Political sociology is a division of the social sciences that focuses on political groups and leadership within society. More generally, it is the study of the relationship between politics and society. While there is debate as to the precise nature of the discipline’s proper focus, most experts agree that the idea of power — i.e., who holds, wields, achieves, and seeks power, particularly within the state and/or civil society — is a fundamental concern of political sociology.
The relationship between the state and civil society is often seen as a key point of study because of the constant interplay and power struggle between the two groups. In general, the concept of the state takes the form of government and centralized power, most often denoted by its militarized and legislative authority, while civil society often refers to organizations such as businesses, churches, and unions. Also of consideration is the role of the individual and the concept and interplay of power between the state and civil society.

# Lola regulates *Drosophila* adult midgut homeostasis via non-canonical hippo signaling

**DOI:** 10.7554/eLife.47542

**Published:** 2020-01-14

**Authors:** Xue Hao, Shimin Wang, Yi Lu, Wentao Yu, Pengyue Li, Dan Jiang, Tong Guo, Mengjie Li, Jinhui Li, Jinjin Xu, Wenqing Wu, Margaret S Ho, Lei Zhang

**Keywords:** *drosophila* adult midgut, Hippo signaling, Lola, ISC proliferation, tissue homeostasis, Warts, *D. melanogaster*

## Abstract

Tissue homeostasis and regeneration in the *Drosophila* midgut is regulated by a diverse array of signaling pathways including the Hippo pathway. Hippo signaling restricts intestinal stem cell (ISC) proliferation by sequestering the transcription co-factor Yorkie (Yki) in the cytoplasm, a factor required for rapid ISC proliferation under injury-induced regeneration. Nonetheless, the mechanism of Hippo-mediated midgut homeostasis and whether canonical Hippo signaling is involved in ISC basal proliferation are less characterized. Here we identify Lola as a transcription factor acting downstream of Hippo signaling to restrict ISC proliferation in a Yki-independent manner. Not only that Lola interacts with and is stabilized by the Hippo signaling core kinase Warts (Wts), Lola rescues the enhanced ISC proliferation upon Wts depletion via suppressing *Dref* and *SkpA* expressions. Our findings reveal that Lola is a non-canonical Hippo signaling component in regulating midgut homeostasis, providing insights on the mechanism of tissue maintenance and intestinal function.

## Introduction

The principal theories within political sociology include social class theory, elite theory, and pluralism. Social class theory is often associated with Marxist theory, in which power is examined in terms of which societal class controls the prevailing means of economic production. Elite theory is a theory in which power is viewed as being concentrated in elite groups and societies. In pluralism, power is seen to be spread and shared throughout society and institutions.
The term political sociology first appeared in print in 1905 in a book review of Alleyne Ireland's "The Far Eastern Tropics." Its roots stretch into the nineteenth century, however, where its founders are generally recognized to be Moisey Ostrogorsky and Max Weber. Ostrogorsky was a Belorussian political scientist and sociologist renowned for his theories on party systems and political parties. Weber was a German historian, sociologist, and political economist known for his influence on social theory.
In addition, because of his intensive investigations into socioeconomic systems and class struggles, Karl Marx is often linked to political sociology particularly in terms of his theory of economic determinism. Political sociology as a field of study in the United States peaked in the 1960s and 1970s. Today, concentrations in sociology tend toward the study of minorities, sex, and gender.